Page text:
Encouraging Pragmatics.


One of the reasons many people scrunch their eyebrows in a sort of disbelief when I mention that my son was diagnosed with Autism Spectrum Disorder is the fact that my son talks.  Period.  He is two, and his expressive/receptive language currently meet age appropriate abilities.  This was not the case with expressive language a few months ago, but we have had an explosion because of his hard work, our hard work, and his early intervention therapies.  And when I say explosion, I mean Like. hundreds. and. hundreds. of. words. And the ability to use sentences!

So why does my son meet the communication requirements to satisfy an ASD diagnosis?

Because he doesn’t talk much, if at all, to anyone other than himself unless he is directly asked a question on his terms.  (Or if he wants the floor cleaned.  Seriously!)

Right.  So… he will go to the window and say, “See big red firetruck driving.  Go fast!”  But he will not come to me and say, “Need drink Mommy,” or “See trucks, Mommy,” or anything of the like that involves asking for needed/wanted items or sharing things of interest.

I’m grateful for this problem because I was really sick of how quiet our home was if I didn’t talk all of the time.  I mean, really, my throat was sore by the time Friday came along, and I was starting to feel like a crazy person.  However, the communication barrier is not gone– it’s just different.

To be honest, this barrier is a little scarier than the old one because the lack of social communication is sort of the hallmark of ASD, and with my son’s impaired eye contact and other forms of expressive communication, we know this issue is not going to resolve with a language boom.

So what now?

Well, interestingly enough, as much as I have been asking questions out the wazoo it seems that it’s time to let them take a chill pill and encourage pragmatics to develop in a more natural way so that our son understands the flow of language and conversation.   As in letting my son fill in the blanks and pausing between phrases without questions to encourage input.  I have already done some of this on my own, especially when we go on walks, but also when singing songs and talking about familiar items or activities.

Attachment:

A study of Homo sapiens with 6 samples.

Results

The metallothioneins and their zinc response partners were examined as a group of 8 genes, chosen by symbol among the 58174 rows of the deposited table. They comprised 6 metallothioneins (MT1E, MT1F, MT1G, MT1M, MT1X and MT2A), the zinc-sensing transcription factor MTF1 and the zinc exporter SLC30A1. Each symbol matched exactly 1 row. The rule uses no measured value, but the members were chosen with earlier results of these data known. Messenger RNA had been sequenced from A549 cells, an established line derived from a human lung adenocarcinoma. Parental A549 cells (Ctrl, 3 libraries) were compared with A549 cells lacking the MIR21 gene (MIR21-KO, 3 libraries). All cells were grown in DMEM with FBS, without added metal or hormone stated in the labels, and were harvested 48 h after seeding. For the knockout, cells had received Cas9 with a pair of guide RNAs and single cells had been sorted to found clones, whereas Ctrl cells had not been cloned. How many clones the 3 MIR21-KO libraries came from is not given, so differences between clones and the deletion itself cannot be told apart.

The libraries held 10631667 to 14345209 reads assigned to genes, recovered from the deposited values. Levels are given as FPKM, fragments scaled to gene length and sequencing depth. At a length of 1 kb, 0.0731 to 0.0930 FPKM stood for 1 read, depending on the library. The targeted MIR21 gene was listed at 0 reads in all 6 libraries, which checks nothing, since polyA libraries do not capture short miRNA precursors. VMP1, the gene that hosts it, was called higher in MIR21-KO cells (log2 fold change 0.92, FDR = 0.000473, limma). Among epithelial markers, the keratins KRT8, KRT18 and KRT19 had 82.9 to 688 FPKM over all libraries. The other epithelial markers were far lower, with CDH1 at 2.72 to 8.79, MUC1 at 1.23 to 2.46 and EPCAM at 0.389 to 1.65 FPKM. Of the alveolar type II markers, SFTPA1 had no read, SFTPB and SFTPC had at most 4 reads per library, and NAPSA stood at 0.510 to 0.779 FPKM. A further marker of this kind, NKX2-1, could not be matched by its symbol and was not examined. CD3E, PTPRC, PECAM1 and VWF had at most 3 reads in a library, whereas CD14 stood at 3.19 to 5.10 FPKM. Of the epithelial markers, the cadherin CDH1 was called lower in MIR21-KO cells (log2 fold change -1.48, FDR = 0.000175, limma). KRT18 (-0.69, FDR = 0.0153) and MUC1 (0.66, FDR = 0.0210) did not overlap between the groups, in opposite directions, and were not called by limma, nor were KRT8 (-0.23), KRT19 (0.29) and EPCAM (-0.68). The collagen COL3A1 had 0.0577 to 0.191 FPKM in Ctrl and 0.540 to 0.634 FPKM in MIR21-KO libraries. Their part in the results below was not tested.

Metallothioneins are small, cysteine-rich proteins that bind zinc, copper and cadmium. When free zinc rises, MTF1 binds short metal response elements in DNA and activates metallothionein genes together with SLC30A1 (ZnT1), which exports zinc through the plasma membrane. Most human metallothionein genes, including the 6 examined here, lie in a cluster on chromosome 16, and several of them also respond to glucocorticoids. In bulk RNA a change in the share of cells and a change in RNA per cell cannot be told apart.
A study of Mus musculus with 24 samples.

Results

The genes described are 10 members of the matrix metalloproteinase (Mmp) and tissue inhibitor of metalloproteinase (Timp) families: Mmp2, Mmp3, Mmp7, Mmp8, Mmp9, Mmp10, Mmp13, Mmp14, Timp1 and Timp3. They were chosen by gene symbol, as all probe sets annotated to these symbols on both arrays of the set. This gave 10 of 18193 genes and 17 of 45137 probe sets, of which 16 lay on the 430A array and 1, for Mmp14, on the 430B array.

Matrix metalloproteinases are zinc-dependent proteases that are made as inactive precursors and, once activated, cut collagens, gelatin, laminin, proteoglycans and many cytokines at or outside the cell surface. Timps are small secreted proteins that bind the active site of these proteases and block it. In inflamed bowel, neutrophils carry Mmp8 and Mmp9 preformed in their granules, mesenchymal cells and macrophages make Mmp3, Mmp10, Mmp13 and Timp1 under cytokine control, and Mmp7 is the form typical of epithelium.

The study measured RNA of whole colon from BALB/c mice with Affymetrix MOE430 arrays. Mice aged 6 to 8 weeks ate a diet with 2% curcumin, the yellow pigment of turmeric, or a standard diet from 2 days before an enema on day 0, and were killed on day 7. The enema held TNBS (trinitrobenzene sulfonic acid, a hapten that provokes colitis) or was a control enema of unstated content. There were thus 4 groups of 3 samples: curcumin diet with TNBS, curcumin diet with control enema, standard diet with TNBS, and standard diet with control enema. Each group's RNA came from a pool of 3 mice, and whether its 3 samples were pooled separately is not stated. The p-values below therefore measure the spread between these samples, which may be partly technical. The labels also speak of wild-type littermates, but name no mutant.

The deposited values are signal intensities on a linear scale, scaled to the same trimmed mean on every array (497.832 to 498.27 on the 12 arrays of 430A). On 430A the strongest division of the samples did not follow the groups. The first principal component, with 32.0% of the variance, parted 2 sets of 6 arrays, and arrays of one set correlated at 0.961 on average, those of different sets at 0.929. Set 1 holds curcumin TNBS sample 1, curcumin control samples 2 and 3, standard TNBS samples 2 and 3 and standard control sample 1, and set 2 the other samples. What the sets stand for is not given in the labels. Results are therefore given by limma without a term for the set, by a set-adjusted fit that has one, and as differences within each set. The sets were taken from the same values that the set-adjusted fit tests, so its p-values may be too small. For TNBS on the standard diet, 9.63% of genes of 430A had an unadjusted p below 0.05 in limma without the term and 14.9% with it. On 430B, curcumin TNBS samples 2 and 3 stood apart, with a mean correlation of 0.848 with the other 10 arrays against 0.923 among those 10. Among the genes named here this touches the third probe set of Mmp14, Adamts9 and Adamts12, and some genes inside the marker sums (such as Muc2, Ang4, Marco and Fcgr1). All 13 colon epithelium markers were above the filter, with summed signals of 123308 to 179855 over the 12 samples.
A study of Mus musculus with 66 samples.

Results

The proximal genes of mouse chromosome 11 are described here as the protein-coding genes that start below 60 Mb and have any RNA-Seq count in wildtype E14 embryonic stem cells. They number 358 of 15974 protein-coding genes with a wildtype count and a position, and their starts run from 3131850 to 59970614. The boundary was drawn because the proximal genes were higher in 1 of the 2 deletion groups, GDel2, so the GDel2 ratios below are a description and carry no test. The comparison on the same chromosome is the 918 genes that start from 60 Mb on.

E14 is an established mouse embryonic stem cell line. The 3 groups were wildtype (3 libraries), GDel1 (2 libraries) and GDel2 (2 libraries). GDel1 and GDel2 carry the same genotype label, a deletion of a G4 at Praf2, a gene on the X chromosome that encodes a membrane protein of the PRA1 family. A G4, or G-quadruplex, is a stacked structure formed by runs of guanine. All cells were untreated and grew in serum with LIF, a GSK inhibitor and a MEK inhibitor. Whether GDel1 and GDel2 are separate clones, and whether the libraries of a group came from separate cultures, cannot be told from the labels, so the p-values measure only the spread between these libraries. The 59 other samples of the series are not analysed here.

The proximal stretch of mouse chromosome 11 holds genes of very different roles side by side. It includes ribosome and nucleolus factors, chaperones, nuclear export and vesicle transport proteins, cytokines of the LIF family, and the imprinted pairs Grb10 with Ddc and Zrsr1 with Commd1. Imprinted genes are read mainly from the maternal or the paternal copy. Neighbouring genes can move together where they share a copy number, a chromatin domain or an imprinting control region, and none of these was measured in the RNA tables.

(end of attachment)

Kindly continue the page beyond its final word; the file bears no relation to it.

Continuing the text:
And so the plan for encouraging pragmatics right now is observing things together.  It’s time to model sharing interest and pointing out objects.

Me: Let’s look out the window.  (pointing) I see a bird.  You see a…

(wait for it, wait for it, ….!)

*******: Car!

Me: Yes, I see the car, too!  What a small, blue car on the road.  Tell me what else you see.

*******: Sky.



It’s more, though… it’s not just straying for the Q & A way of conversing in general; our speech consult at his Children’s Hospital encouraged us to set up “asking” him about his needs in a more pragmatic way.  As in…

Me: I wonder what you want to eat.

*******: hummus!


And while he eats his hummus and I scramble around the kitchen grabbing things for his little sister, he will narrate… sort of like this:

“******* eats hummus.  Yes, yummy.  Yes, eating dinner.  And mommy eating hummus soon, too.  And the lights are on.  Sister here too.”

And sometimes what he says to himself is something I have just said.  Sometimes he says it over and over and over (echolalia), but if he does this, it is normally done in an appropriate way that we know he understands what he is saying.

So obviously, his capacity for language far exceeds how he uses it when speaking to others.  But it’s a start.  And it’s something I will update on occassionally… especially in the hopes that our strategies for pragmatics help others, too.

Talk on!



About rhapsodyinautism

I'm a Mom of two little ones-- a two-year-old son newly diagnosed with autism spectrum disorder and a baby girl who is too young to make any guesses. I work a little bit from home for an environmental nonprofit, and I am a freelance journalist. I love cooking, singing, and autumn weather. And I'm married to a brilliant, involved Daddy. My son is an auburn-haired smartypants who loves trucks and jazz. He taught himself the alphabet at 20 months. He has a beautiful social smile, but he finds eye contact aversive. He is the reason I am writing this blog... because there is a huge lack in legislation, funding, insurance coverage, and understanding in regards to autism spectrum disorders. This will be my place to advocate, tell the tale of our journey, and hopefully share a few tears and laughs along the way. This is our family life, and we have embraced it.

One response »

  1. Critical thinking and love will always outweigh scientific standards. I love this blog’s purpose, and I love how you refuse to settle for less when it comes to the utmost well-being of your children. Please continue writing your experiences. Your points of view and outcomes within the mutual learning process between Mother and Autistic Child will help many parents. I appreciate you.